Dr. Callaghan Talks About HAVEN Study Investigating Emicizumab in Patients with Hemophilia A

During the all-virtual 62nd ASH Annual Meeting & Exposition, Michael U. Callaghan, MD, Associate Professor of Pediatrics, Division of Pediatric Hematology/Oncology, Children’s Hospital of Michigan, presented the results of a study on the safety and efficacy of emicizumab in patients with hemophilia A with or without FVIII inhibitors.

Dr. Callaghan talked further about the results of the study in an interview with DocWire News.

DocWire News: What prompted you to undertake this study?

Dr. Callaghan: After the studies subjects continued with certain portions of the study to maintain access to the medication until it became commercially available.  Data continued to be collected and the data were collected the same way across the HAVEN Trials which allowed for analysis of a much larger group of patients over a longer period of time.

DocWire News: What are the key takeaways from the study?

Dr. Callaghan: No new or unexpected safety signals with longer term follow-up and almost 1,000 patient-years on emicizumab. Bleed rates remained low and, in fact, were numerically lower over time converging on a mean treated bleed rate below 1 bleed per year with about 90% of subjects not experiencing bleeds over a given 24-week time period. This was true regardless of age or inhibitor status. Almost all target joints resolved.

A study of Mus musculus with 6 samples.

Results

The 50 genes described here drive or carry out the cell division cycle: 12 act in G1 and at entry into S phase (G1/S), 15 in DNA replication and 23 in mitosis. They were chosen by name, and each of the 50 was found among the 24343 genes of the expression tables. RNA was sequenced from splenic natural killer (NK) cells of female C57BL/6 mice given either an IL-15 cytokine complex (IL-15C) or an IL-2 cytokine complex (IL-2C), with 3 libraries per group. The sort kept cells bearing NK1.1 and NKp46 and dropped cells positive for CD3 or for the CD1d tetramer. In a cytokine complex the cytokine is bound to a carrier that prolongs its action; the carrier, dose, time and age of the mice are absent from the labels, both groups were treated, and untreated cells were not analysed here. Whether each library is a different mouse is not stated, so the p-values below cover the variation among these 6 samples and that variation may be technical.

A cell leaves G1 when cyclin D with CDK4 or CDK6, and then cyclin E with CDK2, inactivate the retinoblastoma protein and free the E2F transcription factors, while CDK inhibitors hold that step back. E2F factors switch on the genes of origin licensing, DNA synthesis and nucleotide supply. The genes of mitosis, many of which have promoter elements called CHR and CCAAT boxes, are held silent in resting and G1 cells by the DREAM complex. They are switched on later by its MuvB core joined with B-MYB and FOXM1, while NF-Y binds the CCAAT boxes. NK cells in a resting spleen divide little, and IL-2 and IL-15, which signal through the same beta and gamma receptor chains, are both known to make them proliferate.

DocWire News: Did any of the study’s findings surprise you?

Dr. Callaghan: The results were in line with my clinical experience. Most of my patients have little or no bleeding regardless of age or inhibitor status. As they are on emicizumab, joints that were previously prone to bleeding improve and the patients become more confident in their treatment. I think both of these factors contribute to the lower mean ABRs (annualized bleeding rate) at later time points we see in this study.

DocWire News: What limitations did the study have?

Dr. Callaghan: This was a post-hoc analysis.  The study wasn’t designed to measure changes in bleed rates over time, there is also no control group for the longer term data.  While I think the results are clear and in line with my clinical experience – these are post-hoc analyses and uncontrolled observation.

DocWire News: Do you have any future research plans pertaining to this area?

Dr. Callaghan: Emicizumab has made a considerable change in practice and is rapidly being adopted as standard of care in inhibitor patients and non-inhibitor patients.  The changes this brings give many opportunities for studies.  I am involved in planned studies looking at ITI with Emicizumab, Emicizumab in previously untreated patients, and optimal treatment of breakthrough bleeding.

DocWire News: Any information not addressed by the previous questions that you would like to share?

Dr. Callaghan: I think this is likely the largest prospective set of data collected for clinical trials of a new therapy for hemophilia and continues to demonstrate lower bleed rates and more patients without bleeds than is possible with other available treatments.

An abstract of Dr. Callaghan’s study, Safety and Efficacy of Emicizumab in Persons with Hemophilia A With or Without FVIII Inhibitors: Pooled Data from Four Phase III Studies (HAVEN 1–4), can be found here.